Sweet Black Angel speaks truth to power

Angela Davis, the black radical activist, scholar and former member of the Communist Party, exhorted her audience to live the legacy of Dr. Martin Luther King Jr. last Tuesday, during her speech at Johnson C. Smith University.

Appearing at the university's Brayboy Gymnasium as part of their annual Lyceum Series, Davis, one the 1970s' most enduring icons of radical chic, spoke truth to power for the predominantly black and young audience assembled there. Even more effective than her beautifully restored, leonine Afro were Davis' intelligent discourse on the aftereffects of the South's "peculiar institution" on present day racism and fleet-footed thinking aloud on a range of subjects including her long-ago imprisonment and the December execution of LA ganglord Stanley "Tookie" Williams at San Quentin. Visiting Charlotte with words of wisdom as she did, it was significant and timely that Ms. Davis should enlighten local minds during the intercession between Dr. King's national holiday and the onset of Black History Month. As someone born during Davis' trial and the height of "Free Angela!" fervor, it is difficult for me not to bask in the revolutionary glow the woman's very name inspires.

What separates Ms. Davis from the bespoke "Free Angela" poster that adorned the wall of my childhood bedroom -- as well as from the aging pack of 1960s radical has-beens -- is that she insists upon living and acting in the present. Due to a lack of introduction at Brayboy, Davis was forced to briefly account for the back story behind her notoriety -- a timeworn narrative of her frustrated youth in Jim Crow Birmingham, AL; her downsizing from UCLA by then-governor of California Ronald Reagan due to her Communist party membership; and the trumped-up 1970 charges of conspiracy, kidnapping and homicide that made Davis a key enemy of the nation.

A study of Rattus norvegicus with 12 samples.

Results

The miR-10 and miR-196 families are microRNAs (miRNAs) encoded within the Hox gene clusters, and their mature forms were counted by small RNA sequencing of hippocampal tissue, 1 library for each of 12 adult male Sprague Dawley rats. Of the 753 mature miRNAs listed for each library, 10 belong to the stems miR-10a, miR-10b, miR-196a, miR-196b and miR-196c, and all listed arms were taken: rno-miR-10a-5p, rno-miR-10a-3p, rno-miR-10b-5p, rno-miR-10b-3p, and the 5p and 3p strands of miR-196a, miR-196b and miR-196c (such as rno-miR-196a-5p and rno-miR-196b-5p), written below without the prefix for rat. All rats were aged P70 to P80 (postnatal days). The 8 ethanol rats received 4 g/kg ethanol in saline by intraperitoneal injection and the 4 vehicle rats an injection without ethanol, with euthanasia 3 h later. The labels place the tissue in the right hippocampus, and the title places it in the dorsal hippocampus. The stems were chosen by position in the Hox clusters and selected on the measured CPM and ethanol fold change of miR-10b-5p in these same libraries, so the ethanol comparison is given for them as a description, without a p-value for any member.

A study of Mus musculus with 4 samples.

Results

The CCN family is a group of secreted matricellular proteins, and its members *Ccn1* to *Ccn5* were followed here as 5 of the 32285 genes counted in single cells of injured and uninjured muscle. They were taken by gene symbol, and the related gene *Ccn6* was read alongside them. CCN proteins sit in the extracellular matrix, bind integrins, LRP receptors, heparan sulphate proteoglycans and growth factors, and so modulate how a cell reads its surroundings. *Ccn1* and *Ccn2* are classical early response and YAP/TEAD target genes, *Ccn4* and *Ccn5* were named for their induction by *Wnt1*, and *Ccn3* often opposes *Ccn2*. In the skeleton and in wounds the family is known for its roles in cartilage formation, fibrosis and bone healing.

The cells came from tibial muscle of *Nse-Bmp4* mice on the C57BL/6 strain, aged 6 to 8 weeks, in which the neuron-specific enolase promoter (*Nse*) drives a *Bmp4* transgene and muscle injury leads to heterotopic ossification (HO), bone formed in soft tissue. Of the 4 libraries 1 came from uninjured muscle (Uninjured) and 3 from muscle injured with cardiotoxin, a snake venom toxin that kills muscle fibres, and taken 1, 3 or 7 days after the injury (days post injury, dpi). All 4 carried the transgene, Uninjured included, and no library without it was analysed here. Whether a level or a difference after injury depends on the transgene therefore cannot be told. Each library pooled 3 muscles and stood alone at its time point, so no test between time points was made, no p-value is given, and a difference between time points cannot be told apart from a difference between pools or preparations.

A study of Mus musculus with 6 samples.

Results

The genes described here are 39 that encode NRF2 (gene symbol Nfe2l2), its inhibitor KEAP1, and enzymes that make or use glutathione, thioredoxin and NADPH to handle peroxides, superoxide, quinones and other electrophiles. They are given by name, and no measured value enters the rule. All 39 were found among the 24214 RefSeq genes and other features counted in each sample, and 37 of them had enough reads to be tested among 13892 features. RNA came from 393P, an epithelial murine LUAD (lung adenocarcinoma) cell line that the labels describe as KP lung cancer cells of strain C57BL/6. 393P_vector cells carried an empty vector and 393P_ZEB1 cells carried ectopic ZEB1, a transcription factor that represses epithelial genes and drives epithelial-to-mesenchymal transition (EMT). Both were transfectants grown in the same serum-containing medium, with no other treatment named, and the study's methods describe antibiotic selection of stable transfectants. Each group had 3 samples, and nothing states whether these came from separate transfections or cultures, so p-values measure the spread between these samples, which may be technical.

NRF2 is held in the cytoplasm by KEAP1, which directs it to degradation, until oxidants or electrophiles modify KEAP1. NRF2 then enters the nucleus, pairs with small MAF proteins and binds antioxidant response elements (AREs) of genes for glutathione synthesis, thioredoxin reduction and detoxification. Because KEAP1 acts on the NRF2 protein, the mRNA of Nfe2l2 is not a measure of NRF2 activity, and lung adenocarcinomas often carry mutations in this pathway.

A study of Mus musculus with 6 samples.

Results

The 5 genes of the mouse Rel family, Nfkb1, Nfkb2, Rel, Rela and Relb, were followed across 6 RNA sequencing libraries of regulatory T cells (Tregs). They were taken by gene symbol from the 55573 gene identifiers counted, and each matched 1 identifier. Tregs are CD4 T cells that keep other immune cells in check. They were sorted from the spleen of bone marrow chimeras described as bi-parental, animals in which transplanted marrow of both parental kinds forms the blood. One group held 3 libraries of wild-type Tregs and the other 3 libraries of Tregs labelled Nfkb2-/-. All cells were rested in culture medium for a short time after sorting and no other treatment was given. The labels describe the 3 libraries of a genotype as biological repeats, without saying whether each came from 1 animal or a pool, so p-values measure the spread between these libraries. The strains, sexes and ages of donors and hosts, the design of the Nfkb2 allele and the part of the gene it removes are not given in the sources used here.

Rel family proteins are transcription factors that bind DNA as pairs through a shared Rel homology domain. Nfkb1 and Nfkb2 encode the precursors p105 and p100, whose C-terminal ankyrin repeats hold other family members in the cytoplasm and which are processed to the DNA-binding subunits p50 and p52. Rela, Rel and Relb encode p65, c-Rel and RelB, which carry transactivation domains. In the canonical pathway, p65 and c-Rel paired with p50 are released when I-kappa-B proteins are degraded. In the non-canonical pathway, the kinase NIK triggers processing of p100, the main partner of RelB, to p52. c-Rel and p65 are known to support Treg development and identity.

Many erstwhile black nationalists and firebrands from New Left activist circles have long been silenced or rendered irrelevant by political repression and personal corruption. Davis, reinstated to the UC system since the 1990s (at Santa Cruz' History of Consciousness doctoral program), displayed no loss of clarity about the American scene or failure of nerve during her speech. Davis' dialogue ably took in the grim Abu Ghraib-to-Katrina zeitgeist; horrific costs resulting from the persistence of the death penalty; the way "domestic enemies" are invented amongst the country's poor and immigrant populations to reflect terrorist foes abroad; and the recent remarks of former Vice President Al Gore about Bush's criminal wire-tapping of alleged dissidents.

Amongst the most important information imparted to a rising generation of new Southerners was Davis' perspective on the Civil Rights Movement as "the second American Revolution." Of course, she didn't shy away from probing the ways the Movement provoked hostility in the South and especially in North Carolina. She was clearly disturbed by how right-wingers are now so comfortable in their celebration of Dr. King and civil rights, while their government is daily committing human rights abuses across the globe.

One reason Davis' intent to delve into pressing issues of global human rights, the failures of President Bush, and other topics that would likely have preoccupied Dr. King today was impeded: The majority of the audience had never heard of Jo Ann Robinson. Doubtless because of the presence of many black undergraduates, Davis felt the need to illuminate the forgotten and obscured feminine face of the Civil Rights Movement. Jo Ann Robinson was the true catalyst for the famed Montgomery Bus Boycott, as her 1990 memoir, The Montgomery Bus Boycott and the Women Who Started It, makes plain. Although no skilled orator or leader, Robinson was an Alabama State teacher who submitted a letter to the Mayor of Montgomery after the Brown vs. Board of Education decision in 1954, threatening a boycott. Robinson then reached out to young pastor King. For her pains, Robinson was ultimately fired from Alabama State, forced to relocate to Los Angeles, and has had her prime contributions to the movement obscured in favor of the deification of King and his counterparts.

One would hope that had Dr. King lived, his record on feminism would be more or less unimpeachable. Regardless, it's high time that the erasure by historians and the media of narratives about the common folk who lived and worked in struggle prior to the early 1970s cease altogether. This was Davis' overarching message -- that history is not made by a parade of heroic (male) figures but by regular people who do the yeoman's share of the work in liberation struggle.

Davis' hope that all people committed to American revolution think of themselves as agents of change within the contemporary framework shows admirable belief in the spirit of a nation that is daily allowing government to sell their rights down the river of no return.